WHEN analysing the Armagh-Cavan drawn Ulster semi-final on ‘The Sunday Game’ in June, Pat Spillane was clearly buzzed up. Spillane has long been a critic of Ulster football, and while the replay, and the second semi-final had still to be played, Spillane said that the 2019 Ulster championship had already produced the highest quality matches he had seen in “10 or 12 years”.
Then Spillane advanced his argument to include the whole football championship. “Whisper it quietly,” he said “but the football championship this year has probably given us better quality, more entertaining and more intense games than the hurling.”
The subsequent Armagh-Cavan replay was the best game during the first month of the football championship but Spillane had been beating his drum on the increased standard of football throughout the summer.
In his newspaper column a few weeks earlier, Spillane felt that Offaly’s heroic effort against Meath, Derry's battling performance against Tyrone, and London giving Galway a real fright, had scarcely merited a mention for a reason. “All the focus has been on the hammerings which Leitrim and Sligo endured against Roscommon and Galway,” wrote Spillane. “Why? Because it feeds the narrative that Gaelic football is in a dire state and we need a tiered football championship.”
A week before that Spillane column, Joe Brolly had used Leitrim’s hammering against Roscommon as an example of the need for that tiered championship.
“This is cruel what’s happening, and until teams like Leitrim are afforded the same respect as Kerry, Dublin, Mayo and Tyrone, we do not have a fair and equitable Association,” said Brolly. “Teams need a vibrant championship at their level, that’s treated with the same respect.” After all the debate for and against a tiered format, that proposal will now be put forward at Special Congress on Saturday in Páirc Uí Chaoimh.
The main difficulty with the current format is that it’s still highly unbalanced. Teams always have the capacity to improve, especially under good management but too many sides are just oscillating, and a host of counties are just drifting. And they are just cut loose once their provincial campaign ends; of the 16 qualifier games in Rounds 1 and 2 in 2018, ten were won by margins of eight points or more.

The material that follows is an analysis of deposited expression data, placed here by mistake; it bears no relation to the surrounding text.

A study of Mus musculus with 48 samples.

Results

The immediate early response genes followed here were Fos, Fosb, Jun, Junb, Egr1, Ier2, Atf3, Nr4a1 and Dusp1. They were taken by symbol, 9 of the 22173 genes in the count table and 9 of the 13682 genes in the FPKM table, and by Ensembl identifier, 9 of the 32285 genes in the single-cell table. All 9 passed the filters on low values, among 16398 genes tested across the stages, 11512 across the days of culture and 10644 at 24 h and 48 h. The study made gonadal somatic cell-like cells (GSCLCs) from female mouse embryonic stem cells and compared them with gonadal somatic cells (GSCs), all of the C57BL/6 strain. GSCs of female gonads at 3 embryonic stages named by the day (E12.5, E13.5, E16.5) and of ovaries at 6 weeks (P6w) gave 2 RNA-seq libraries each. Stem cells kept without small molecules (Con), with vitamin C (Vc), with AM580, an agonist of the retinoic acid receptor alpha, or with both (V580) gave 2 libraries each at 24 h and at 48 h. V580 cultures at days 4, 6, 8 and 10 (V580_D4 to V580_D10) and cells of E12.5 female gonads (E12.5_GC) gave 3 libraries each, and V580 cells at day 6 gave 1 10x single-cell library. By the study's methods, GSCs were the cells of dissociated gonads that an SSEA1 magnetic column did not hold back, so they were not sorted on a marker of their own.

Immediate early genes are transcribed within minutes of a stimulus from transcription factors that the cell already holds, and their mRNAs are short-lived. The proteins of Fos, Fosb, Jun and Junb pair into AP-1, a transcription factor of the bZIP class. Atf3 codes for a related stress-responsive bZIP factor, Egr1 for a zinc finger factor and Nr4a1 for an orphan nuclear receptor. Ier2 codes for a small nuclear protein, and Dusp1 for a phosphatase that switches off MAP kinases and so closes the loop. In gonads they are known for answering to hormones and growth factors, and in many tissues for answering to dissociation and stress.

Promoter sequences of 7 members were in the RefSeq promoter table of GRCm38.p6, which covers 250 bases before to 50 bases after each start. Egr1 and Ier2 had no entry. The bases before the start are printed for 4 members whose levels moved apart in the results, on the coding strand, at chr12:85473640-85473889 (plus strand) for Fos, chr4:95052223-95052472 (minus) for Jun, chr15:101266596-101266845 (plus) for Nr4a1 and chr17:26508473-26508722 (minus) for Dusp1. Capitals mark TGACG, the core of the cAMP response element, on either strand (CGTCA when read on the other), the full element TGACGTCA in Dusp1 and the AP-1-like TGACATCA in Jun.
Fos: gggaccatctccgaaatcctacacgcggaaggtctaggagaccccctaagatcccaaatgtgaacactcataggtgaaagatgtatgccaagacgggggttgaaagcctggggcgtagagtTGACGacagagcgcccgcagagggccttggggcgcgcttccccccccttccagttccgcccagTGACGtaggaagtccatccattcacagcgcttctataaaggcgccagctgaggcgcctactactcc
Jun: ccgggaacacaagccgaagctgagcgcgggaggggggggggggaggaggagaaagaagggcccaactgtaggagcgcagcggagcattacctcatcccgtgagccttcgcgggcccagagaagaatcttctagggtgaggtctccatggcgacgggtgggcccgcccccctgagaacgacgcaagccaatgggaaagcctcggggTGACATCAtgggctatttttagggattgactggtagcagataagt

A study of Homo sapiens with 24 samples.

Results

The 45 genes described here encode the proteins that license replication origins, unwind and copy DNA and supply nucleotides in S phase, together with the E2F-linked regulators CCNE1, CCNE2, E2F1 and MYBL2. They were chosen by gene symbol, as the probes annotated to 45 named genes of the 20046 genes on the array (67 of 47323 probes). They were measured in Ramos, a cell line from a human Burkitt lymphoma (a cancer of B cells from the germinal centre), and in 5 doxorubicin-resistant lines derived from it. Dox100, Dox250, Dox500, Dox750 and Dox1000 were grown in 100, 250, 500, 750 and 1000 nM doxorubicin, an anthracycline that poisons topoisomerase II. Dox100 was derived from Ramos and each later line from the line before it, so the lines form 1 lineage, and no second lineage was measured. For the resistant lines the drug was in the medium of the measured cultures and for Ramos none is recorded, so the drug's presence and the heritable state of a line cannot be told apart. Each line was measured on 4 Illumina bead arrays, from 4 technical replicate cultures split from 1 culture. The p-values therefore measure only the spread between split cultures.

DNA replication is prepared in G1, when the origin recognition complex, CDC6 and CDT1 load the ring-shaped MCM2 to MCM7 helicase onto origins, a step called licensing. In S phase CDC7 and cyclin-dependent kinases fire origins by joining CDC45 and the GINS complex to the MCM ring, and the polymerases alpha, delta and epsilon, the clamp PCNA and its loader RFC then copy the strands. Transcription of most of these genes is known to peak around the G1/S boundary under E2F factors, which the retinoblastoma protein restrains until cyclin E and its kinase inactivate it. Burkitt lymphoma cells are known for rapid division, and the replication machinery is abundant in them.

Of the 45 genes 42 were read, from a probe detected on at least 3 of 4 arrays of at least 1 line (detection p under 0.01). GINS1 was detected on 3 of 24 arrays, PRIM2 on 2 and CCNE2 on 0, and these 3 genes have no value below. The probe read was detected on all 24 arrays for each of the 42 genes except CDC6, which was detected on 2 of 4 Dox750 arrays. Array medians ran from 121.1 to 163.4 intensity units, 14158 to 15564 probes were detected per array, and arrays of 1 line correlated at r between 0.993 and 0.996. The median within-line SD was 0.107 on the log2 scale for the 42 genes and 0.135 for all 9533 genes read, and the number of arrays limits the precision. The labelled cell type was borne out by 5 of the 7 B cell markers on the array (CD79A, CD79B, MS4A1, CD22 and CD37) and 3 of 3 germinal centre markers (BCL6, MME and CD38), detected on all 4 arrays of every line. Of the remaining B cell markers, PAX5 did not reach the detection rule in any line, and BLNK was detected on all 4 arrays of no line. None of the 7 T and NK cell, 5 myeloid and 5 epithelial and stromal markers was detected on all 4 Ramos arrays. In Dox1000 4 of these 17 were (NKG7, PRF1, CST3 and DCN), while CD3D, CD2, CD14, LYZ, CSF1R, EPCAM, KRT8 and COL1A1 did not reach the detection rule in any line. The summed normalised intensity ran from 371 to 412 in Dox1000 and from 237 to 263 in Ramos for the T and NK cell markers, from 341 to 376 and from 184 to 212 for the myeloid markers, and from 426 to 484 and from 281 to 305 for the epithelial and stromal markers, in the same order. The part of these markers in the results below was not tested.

Despite the increased quality this summer, the numbers were more or less the same in the opening two rounds of the qualifiers; eight of the 16 matches were won by margins of eight points or more.
Most of those teams would be better suited to a Tier Two championship but the biggest sell with any proposed tiered format is to the counties who see themselves as above that status. History has also shown that the concept has never been fully embraced by both the counties involved in those competitions (several of which have been tried before in different forms), and the public.
A number of factors have contributed to the general apathy but any Tier 2 championship would have to be given proper recognition and marketed vigorously if it was to gain full acceptance this time around.
On the otherhand, no matter how it is promoted, some counties still won’t want to know about a Tier 2 championship. They don’t want to entertain comparisons between the elite and the more common classes because they feel that they are more entitled to the same spin at the roulette table as everyone else.
Other counties which have pulled themselves up by the bootstraps will continue to rail against such a concept but any side outside the top six (never mind the top 12) has minimal chance of appearing in an All-Ireland final in Croke Park anytime soon.
Yet teams still crave status and a Tier 2 football championship could never achieve that in players’ hearts and minds. However, something has to change. And attitudes already are.
"I'm a huge supporter of a Tier-Two Championship," said London manager Ciaran Deely after his side narrowly lost to Galway in May. "We want to be pitting ourselves against teams that are in Division 3 and Division 4 on a continual basis. We want more games. We'd love to be in a competition that we've a real chance of winning."
That’s the bottom line for most teams outside the top 8-10 sides but it will still be a hard sell on Saturday. Especially for Cork.
Last week’s Munster draw, which pitted Cork and Kerry in a Munster semi-final for the first time in eight seasons, could yet have serious ramifications for Cork.
Cork will expect to be promoted from Division 3 next March but, before deciding whether to go with a new Tier Two football championship for Division 3 and 4 counties, delegates will first be asked to choose between a definition of those groups that includes the counties relegated from Division Two that year, or one that sticks with the status quo at the start of the same year.
Cork’s get-out-of-jail card (if they needed it) was believed to be the provision of allowing provincial finalists into the Tier One championship, irrespective of league position. That may be disrespectful to the other Munster counties, especially Clare who have repeatedly beaten Cork over the last three years, but Cork would still have a better chance of reaching a Munster final by avoiding Kerry. So, despite all the progress made last year, if Cork don’t escape from a competitive Division 3 next year, and they lose to Kerry, they may be in Tier Two.
Tipperary, who were also relegated to Division 3 last year, have drafted a motion which defines Division 2 as incorporating the following year’s status rather than the current position.
That is a whole other side to this debate but, before any decisions are made, the hardest sell to most other counties in Divisions 3 and 4 will be to convince them that – despite the tweaks and promises – that this isn’t a reheat of the Tommy Murphy Cup.
Because nobody had any interest in that competition last time around.